Well, the Kobe Bryant hearings have begun, and the media, when not gratuitously flashing pictures of ultra-sexy Vanessa Bryant and her carpal-crushing apology gift, are busy disclosing to the public all of the visceral details of Kobe’s affair.

Predictably, the moral critics have followed, citing Bryant’s responsibilities as a worldwide role model and his subsequent failure at this charge.

This allegation, I submit to you, is not entirely true. After all, one would think that to unfaithful basketball players around the world, Kobe is the ultimate role model.

You see, the difficulty in discussing role models is that we lack a model role. Indeed, to those possessed of conventional morals, Kobe’s acts may be appalling. To others, though, they represent the ultimate in infidelogical achievement. Take, for example, the Cheaters Opposing the Condemnation of Cuckolding Kobe – C.O.C.C.K. – a fictional not-for-profit organization founded in Cheyenne, Wyo. to support Kobe during his trial. Kobe, it would seem, is not the only adulterer in our fine country.

Perhaps cheating isn’t your vice of choice. Whatever it may be, then, rest assured that you have plenty of pop-culture company.

The Portland Trailblazers, who have been known to occasionally play some basketball whenever five team members are simultaneously paroled, are oft criticized for their irresponsibility and criminal engagements. And yet, there’s an entire culture of marijuana-using ballers who not only share Portland’s knack for un-evading police, but would also leap at an opportunity to play for the team. There are so many, in fact, that Portland’s management is thinking about officially dropping the “Trail” prefix from the team’s moniker.

Likewise, Shawn Kemp may have 67 illegitimate children, but dammit, he’s an icon to all those family-oriented fathers out there who just can’t be bothered with a wife. Hugh Grant has earned the esteem of pay-by-the-hour backseat lovers worldwide, while just about every rock band has helped to perpetuate the phrase “party like a rock star,” which has little to do with backstage games of Risk.

Even a U.S. President has joined in the act. By inadvertently demoting Elian Gonzalez to second place on the list of the ’90s most controversial, misplaced Cubans, Clinton immediately endeared himself to cigar aficionados everywhere. Sure he cheated, and yeah, I guess he lied, but if a Rhode Island chapter of the Cigar Connoisseur’s Confederacy were to actually exist, I assure you they’d cite Clinton’s discerning taste and creativity in their petition for his canonization.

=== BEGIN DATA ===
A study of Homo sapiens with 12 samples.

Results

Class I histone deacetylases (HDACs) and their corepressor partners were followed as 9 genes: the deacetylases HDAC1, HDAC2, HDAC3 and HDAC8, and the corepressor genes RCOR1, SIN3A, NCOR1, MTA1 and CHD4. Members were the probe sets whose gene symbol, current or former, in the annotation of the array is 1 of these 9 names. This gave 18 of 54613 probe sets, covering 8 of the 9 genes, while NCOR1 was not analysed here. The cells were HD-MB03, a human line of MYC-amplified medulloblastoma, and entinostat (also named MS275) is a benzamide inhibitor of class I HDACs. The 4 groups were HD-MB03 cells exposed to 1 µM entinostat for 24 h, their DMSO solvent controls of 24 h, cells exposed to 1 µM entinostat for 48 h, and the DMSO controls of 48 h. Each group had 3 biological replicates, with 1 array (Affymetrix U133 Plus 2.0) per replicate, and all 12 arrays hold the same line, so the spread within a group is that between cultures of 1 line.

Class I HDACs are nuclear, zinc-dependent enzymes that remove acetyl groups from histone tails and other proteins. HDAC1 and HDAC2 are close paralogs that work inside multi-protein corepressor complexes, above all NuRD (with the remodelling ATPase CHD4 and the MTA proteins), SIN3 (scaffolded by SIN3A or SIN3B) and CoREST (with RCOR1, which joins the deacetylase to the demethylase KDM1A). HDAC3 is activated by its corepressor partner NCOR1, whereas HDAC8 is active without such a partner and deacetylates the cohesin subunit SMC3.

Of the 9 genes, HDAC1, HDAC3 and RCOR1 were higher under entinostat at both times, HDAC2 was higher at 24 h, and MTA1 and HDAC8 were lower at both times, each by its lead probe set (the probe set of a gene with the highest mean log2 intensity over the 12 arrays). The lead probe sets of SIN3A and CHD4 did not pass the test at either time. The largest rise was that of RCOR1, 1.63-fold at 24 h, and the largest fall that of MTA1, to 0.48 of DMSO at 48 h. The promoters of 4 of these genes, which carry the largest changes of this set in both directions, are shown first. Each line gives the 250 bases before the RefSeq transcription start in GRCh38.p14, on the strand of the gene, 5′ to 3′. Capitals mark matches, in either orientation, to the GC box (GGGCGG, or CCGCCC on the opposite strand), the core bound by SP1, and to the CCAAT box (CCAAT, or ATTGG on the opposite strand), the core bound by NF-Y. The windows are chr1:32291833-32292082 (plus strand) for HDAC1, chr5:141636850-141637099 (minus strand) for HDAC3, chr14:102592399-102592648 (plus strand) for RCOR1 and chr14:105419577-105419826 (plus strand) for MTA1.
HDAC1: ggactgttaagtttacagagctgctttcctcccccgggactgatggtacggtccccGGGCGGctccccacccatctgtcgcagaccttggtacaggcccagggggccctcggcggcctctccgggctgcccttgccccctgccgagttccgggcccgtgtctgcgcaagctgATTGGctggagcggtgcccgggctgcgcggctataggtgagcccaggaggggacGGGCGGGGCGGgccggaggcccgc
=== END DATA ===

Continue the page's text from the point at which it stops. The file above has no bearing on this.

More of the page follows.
Surprisingly, though, there remains a sizable lynch mob of citizens who are seemingly blind to the duality of role modeling. These naysayers maintain that while a celebrity is in the spotlight, they have an unwritten responsibility to the rest of us to uphold a life of irrefutable virtue.

To this idea, I immediately query – who the hell gave them that responsibility? Where was, say, society, when that election was held? It would seem to me that most of these magazine mainstays that we’ve elevated to celebrity status are there because they possess a particular passion or talent, not out of some benevolent desire to show children how to live properly. Whether or not they want to remain upstanding or immerse themselves into the lifestyle that their successes and exposure afford is their choice.

Now, I’m not out to defend Kobe here. After all, lacking both a slammin’ young wife unto whom to cheat, as well as any semblance of a mega-pro basketball lifestyle – though proudly boasting an immaculate pair of ’89 Reebok Pumps, thank you eBay – it’s hard for me to empathize with Kobe’s plight. Rather, my goal here is to offend – for is there any truly nobler cause? – those in our society who get their balls in a blender whenever a celebrity transgresses, yet reinstate their faith just in time for the next big-name infraction.

When it comes right down to it, celebrities are no different than any other person – except that they’re really wealthy and surrounded by lots and lots of hot people. Thus, while such behavior shouldn’t be condoned, it should come as no surprise when one of our stars indulges in his lifestyle.

Hell, I consider myself a fairly upstanding young fellow – a role model, I’ve been told, to a great number of my pre-school-age readers – and yet, I can tell you that if I were put in a McDonald’s ball pit with Shakira, Britney and a tanker of pheromonal aphrodisiacs, the result would be – aside from embarrassingly brief, I fear – not something of which Mom would approve.

The difference would be, however, that my encounter – ignoring the fact that it happened with Shakira and Britney, which it did – would be of no interest to the media, whereas it’s more of a challenge for celebrities to elude the camera. One would hope that they would realize this heightened exposure and act accordingly, but ultimately, they can’t be faulted for engaging in the same vices as are everyone else.

Meanwhile, maybe those quibblers who remain discontented with their supposed role models should re-evaluate the criteria by which they select the people they deem role models, perhaps seeking individuals who remain under the radar of the front page. For example, maybe the ninth page is a good place to start. If I must, I, as prestigious campus satirist and aspiring rock star extraordinaire, will accept the responsibility of redefining the model for the ideal role, finally giving the kids – and it’s all about the kids, isn’t it? – someone they can look up to.

Until I get famous and wealthy, at least.

Janowitz can be reached at njanowitz@campustimes.org.